Latino political power grows at the Massachusetts State House
The forthcoming influx of Latino representation to Beacon Hill is no accident. Indeed, it’s an overdue wave.
Four years ago, Jeff Sánchez — then the highest ranking Latino legislator as the chair of the powerful House Ways and Means Committee — was ousted in a hard-fought and costly primary. Sánchez had been a Democratic lawmaker for 16 years. His exit from the Legislature stood as a huge loss for a sizeable and growing population group that is politically underrepresented.
But the tide is turning with a rising wave of Latino political power.
In Tuesday’s primary, seven newcomer Latinx candidates won their respective Democrat primaries in various districts across the state, some of which had been newly redrawn as minority-majority seats. Their wins will potentially bring the total number of Hispanic lawmakers on Beacon Hill to 13.
Meanwhile, of the potentially new Latino legislators, just Chelsea’s Judith Garcia and Chicopee’s Shirley Arriaga face an opponent in November. The rest, Sam Montaño of Boston, Manny Cruz of Salem, and Estela Reyes, Pavel Payano,and Paulinoof Lawrence, will be unopposed on the ballot.
“There were only three Latino legislators when I first got elected as state representative in 2003,” Sánchez, now a senior adviser at Rasky Partners, told me. “[Tuesday’s primary] election was a turning point for Latinos in Massachusetts. These victories reflect not only that Latinos can win in Latino districts but that Latinos can appeal to a greater electorate in the Commonwealth. We see it nationally and now we’re seeing it here. It’s about time.”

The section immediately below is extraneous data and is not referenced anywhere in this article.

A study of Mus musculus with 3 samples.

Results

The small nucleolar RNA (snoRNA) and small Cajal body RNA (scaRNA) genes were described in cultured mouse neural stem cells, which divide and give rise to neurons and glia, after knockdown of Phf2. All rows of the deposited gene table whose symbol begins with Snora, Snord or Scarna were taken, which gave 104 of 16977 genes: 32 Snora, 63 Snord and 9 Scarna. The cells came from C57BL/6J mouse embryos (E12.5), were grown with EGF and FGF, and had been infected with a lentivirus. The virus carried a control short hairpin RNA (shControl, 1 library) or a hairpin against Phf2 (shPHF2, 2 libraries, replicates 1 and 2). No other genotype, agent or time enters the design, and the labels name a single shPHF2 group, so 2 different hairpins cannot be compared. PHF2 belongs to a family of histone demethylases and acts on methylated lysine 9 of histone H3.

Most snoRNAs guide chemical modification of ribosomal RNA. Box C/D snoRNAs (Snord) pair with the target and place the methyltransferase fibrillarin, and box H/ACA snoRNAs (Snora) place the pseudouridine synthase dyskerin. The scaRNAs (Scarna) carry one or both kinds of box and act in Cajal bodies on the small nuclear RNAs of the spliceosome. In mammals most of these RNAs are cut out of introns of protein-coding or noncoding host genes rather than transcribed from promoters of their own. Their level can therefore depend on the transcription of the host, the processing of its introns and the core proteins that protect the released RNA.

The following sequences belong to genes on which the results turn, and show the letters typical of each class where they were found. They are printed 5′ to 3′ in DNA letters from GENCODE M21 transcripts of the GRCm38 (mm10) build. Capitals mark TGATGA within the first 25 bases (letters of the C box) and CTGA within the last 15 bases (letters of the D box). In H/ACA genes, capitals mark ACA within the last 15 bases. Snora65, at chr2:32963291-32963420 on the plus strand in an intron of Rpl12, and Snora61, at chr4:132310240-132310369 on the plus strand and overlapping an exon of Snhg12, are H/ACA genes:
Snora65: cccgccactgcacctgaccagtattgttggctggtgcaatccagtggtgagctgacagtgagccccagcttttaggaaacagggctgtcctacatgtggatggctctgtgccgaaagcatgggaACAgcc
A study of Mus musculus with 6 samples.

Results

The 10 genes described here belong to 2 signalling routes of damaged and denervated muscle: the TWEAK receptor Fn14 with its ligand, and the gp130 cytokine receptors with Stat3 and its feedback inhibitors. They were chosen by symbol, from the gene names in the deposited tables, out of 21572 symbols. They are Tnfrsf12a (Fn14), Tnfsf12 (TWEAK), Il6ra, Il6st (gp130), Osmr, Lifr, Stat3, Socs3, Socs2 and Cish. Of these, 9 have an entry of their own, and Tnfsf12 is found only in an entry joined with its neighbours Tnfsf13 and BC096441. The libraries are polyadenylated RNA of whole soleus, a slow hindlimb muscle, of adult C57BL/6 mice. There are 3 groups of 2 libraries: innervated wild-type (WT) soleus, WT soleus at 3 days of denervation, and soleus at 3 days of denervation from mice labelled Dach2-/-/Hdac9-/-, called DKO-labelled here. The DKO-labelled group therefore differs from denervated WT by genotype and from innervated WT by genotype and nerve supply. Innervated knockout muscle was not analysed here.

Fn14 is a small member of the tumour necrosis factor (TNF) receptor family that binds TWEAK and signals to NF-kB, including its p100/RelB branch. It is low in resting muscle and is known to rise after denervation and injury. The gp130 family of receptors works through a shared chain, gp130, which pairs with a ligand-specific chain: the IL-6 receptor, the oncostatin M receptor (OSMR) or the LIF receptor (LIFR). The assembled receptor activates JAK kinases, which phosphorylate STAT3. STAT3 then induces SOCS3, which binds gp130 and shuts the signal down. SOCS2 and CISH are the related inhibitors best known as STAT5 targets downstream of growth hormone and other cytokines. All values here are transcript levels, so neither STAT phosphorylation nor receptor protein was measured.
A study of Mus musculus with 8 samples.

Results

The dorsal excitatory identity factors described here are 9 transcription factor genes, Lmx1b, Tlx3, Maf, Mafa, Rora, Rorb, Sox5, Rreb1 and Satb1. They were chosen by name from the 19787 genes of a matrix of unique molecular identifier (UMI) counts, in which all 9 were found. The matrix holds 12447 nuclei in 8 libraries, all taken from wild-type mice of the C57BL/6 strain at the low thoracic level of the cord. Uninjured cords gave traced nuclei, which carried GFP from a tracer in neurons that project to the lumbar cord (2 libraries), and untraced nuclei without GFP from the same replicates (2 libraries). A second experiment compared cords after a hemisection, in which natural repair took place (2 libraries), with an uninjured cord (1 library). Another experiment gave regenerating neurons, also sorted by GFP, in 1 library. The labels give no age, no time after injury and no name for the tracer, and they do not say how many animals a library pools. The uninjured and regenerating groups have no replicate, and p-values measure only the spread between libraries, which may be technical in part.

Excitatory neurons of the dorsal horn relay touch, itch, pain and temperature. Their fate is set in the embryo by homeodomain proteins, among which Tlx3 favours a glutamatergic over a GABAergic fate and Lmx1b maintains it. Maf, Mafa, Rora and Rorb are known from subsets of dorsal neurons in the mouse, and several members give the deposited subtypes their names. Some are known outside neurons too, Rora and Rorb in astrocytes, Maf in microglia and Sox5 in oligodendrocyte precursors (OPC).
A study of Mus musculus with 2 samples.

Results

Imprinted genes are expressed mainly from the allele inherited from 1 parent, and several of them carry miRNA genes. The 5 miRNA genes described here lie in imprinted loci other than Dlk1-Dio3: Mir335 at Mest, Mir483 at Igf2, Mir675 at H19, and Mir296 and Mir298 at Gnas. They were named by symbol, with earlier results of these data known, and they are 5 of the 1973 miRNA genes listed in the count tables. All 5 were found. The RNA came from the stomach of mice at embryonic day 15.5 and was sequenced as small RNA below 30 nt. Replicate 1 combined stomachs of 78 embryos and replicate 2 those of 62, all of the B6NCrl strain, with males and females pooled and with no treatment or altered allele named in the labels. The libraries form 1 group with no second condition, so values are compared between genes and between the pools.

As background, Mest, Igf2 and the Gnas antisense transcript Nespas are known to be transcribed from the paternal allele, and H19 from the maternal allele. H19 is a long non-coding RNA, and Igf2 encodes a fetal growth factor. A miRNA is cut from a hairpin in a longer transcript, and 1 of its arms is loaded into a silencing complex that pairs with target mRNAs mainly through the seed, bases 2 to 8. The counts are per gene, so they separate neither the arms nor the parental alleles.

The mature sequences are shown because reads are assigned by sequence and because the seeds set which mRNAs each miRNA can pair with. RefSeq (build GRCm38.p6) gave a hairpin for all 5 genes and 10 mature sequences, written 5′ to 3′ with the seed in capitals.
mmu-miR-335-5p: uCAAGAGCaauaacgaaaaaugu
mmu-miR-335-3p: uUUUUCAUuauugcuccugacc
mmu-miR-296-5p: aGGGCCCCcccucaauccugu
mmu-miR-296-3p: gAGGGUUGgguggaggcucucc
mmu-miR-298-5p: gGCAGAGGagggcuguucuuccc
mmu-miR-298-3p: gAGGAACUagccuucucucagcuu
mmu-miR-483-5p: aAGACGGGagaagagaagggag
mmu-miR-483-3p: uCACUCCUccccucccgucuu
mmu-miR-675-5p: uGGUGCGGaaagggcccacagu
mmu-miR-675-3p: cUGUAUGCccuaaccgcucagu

The forthcoming influx of Latino representation to Beacon Hill is no accident. Indeed, it’s an overdue wave. It also confirms that the state’s redistricting process last year, though not perfect, did reflect significant population changes and the rich racial diversity across the state.
In the past decade, the share of the state’s Hispanic population (of any race) in Massachusetts grew from 9.6 to 12.6 percent. It’s the second-largest proportion as ranked by race and ethnicity and it represents nearly double the percentage of the Black-only population (6.5 percent). These increasing numbers weighed heavily during the Legislature’s decennial redistricting process, which created 13 additional districts in the 160-seat House of Representatives and three additional in the state Senate where people of color account for the majority of the population.